Al Jazeera

First channel of continuous information in the Arab world, Al-Jazira -« Peninsula, island » in Arabic- aired its first broadcast in November 1996, from the Emirate of Qatar.

The origins of the satellite channel lie in the middle 1990s when the BBC set up an Arabic language TV channel and contracted with the Saudi satellite company Orbit to transmit its programmes to the Middle East. This cooperation was due to stop in 1996 because of some criticism of the Saudi regime. The Emir of Qatar, Sheikh Hamad Ibn Khalifa Al Thani, offered $150M -spread over five years- to fund a new TV station, aimed to be free and independent. The new station attracted some of the former BBC staff. Though with public financing, the satellite channel is a private company.

The staff of the station, -50 journalists and 350 people in total-, is formed by natives of nearly all Arab countries. The channel has 35 bureaus around the world. The station has addressed, since 1996, various themes considered taboo in the Arab world such as the absence of democratic institutions or the persecution of political dissidents. A platform for political dissidents is also provided in the weekly programme « Opposite direction ». Qatar has received official complaints from almost all Arab states since the beginning of its broadcastings.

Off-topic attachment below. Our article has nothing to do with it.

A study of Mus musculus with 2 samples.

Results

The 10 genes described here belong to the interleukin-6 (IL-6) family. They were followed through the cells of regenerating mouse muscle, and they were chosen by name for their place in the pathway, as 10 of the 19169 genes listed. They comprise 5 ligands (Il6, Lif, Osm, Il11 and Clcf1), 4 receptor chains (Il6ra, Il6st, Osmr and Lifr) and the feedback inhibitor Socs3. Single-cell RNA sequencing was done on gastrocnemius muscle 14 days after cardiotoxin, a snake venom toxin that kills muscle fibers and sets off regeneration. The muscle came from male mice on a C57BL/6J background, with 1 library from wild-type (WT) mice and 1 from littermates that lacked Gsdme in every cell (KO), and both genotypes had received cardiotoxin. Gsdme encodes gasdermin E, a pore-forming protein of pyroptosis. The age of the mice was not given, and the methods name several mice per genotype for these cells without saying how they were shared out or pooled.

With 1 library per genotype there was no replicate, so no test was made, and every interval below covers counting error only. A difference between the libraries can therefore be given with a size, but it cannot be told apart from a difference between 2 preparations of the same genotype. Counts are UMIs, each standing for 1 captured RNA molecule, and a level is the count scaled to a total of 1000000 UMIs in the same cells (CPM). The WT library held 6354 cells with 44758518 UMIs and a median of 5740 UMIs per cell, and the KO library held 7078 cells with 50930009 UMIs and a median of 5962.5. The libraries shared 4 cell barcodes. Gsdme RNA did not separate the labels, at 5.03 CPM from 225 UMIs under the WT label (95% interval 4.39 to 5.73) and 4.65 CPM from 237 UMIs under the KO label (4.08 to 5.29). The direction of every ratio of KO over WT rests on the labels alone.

Though recently discovered by the West, Al-Jazira had made its breakthrough in the Arab world with its coverage from Iraq, of the US military Operation « Desert Fox » in December 1998. And the popularity of the channel increased thanks to the extensive coverage of the second Intifada, including interviews of Lebanese Hizbollah leader Sheikh Hassan Nasrallah and the then Israeli Prime Minister Ehoud Barak (due to pressure from the Arab street, the channel stopped showing interviews of Israeli officials but continues to interview various Israeli analysts and experts). For many Arabs, Al-Jazira is to the Intifada what CNN had been for the Gulf War.

Before the bombardments in October 2001, Al-Jazira had broadcast, in the month of January 2001, an exclusive footage of Bin Laden at his son’s wedding. It had also transmitted pictures of Taliban fighters dynamiting the Bamiyan Buddhas. It is the only channel present in Afghanistan since the USA attacks, having one correspondent in Kabul and a special envoy in Qandahar. By offering the Taliban and Osama Bin Laden a platform, Al-Jazira has provoked the wrath of the US authorities which, fearing that the Qatari channel contributes to radicalising Arab public opinion, has asked the Qatari authorities to put pressure on Al-Jazira to tone down its coverage on Afghanistan, and has even appealed to the US stations to limit use of videotapes issued by Osama Ben Laden and his aides, which have been widely broadcast by the Qatari channel.